Freedom of Religion SA (FOR SA) is pleased that the government has heard their pleas for religious leaders and their organisations to be declared “essential workers”.
This was after President Cyril Ramaphosa announced that religious gatherings of up to 50 people will be allowed from Monday, with rules.
FOR SA has welcomed the return of religious gatherings from Monday, and the description of religious leaders and congregations as “essential workers”.
It said it had sent several letters on behalf of about 18 million people who wanted the government to recognise the “unique contribution” of religious leaders and the organisations.
“In our letters, we also pointed out that many religious organisations have an essential administrative component completely separate from any form of religious gathering.
“These administrative offices/functions need to be able to operate, to continue providing the social relief services (in the form of food distribution and the like) that many religious organisations are actively engaged in during this time.”
Churches, synagogues, mosques, temples and other recognised places of worship may also resume services limited to 50 people or less, depending on the space available, and subject to strict health and sanitisation protocols.
“The President’s endorsement of the importance of the role of the religious community is significant, and will enable this vital sector of society to be further empowered to help meet the physical, psychological and spiritual needs of our nation in this time of crisis. It is also in line with the earlier decision by Government to re-open the vast majority of the economy in a calibrated way,” the group said in a statement.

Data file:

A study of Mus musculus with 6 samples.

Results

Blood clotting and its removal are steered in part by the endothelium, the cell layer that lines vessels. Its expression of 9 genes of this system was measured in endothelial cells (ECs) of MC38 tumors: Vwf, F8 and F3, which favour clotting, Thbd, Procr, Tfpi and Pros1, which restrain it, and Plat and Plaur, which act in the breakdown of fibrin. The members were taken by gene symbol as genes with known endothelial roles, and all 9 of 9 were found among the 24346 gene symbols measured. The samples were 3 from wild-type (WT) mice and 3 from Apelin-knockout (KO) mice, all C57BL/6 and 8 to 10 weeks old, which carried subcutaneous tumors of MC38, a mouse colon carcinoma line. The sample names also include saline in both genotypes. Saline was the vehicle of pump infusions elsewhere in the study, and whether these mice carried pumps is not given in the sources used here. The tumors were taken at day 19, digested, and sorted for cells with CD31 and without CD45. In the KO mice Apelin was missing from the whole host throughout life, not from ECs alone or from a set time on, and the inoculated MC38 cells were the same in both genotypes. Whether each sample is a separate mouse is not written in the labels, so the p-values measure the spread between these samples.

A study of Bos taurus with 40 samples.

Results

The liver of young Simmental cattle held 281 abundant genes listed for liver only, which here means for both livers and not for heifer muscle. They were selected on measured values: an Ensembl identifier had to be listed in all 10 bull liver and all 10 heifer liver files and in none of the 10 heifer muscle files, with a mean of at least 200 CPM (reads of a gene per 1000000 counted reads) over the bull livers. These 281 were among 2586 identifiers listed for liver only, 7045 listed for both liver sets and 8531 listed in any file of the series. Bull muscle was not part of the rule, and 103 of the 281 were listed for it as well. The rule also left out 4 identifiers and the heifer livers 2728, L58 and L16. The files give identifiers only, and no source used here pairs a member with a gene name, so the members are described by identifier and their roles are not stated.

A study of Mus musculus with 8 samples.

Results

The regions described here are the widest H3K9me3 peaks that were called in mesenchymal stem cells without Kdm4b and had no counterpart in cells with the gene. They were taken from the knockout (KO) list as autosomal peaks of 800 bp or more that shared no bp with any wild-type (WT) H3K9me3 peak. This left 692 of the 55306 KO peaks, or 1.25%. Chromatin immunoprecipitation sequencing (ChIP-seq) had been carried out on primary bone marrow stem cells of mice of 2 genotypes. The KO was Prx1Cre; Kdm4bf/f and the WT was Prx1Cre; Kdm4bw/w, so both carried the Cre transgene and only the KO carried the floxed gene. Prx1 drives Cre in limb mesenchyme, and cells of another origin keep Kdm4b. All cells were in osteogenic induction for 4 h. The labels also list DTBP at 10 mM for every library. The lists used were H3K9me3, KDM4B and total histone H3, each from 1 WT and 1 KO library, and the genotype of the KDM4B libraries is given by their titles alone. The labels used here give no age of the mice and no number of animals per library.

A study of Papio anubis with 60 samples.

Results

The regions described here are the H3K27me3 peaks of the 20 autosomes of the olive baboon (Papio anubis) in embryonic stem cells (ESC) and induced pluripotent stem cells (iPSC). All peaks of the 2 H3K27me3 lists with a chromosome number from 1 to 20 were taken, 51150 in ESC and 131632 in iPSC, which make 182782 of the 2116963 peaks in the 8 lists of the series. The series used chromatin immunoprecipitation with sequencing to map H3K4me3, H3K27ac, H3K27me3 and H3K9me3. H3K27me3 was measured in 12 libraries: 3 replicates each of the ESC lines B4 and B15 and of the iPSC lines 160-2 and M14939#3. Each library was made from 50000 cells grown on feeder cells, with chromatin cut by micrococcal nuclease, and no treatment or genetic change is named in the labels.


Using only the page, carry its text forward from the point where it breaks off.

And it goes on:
FOR SA was most recently in the news for supporting the wedding venue Beloftebos’s stance that it would only host weddings between a man and a woman, for religious reasons.
But while FOR SA was excited about group prayer again, the Jesuit Institute South Africa said it was worried about the mixed messages being sent by the government.
“We wholeheartedly support the call for a National Day of Prayer on 31 May, Pentecost Sunday,” the institute said in a statement.
“Many people of faith have suffered the loss and pain of not being allowed to gather in their respective communities for worship. We know this. Refraining from gathering was seen as a way of religious communities actively choosing to care by temporarily stopping a core practice - gathering for worship - for the common good.
“We do not need to open churches right now to practise our faith. Prayer, acts of kindness, reading sacred texts and service of neighbour can continue without gathering in the midst of this pandemic.”
It said it found the rushed move questionable, and noted evidence of cluster spreading in other parts of the world suggested that, even if strict social distancing rules were upheld, there were still reports of infection.
“The more people mix, the more there is potential for spread. Places of worship are not immune to the virus,” said the institute.
“The government is also sending mixed messages. While a ban on friend and family visits remains in place, it seems illogical that people can gather in places of worship.”
The institute said it also created another inequality in a time when inequalities have been highlighted: those who get to attend and those who don’t.
“How and by whom will this be decided – and monitored? It goes against the very spirit of being a community of believers to split that community.
“This is an almost impossible decision to make for religious leaders who may have to decide.”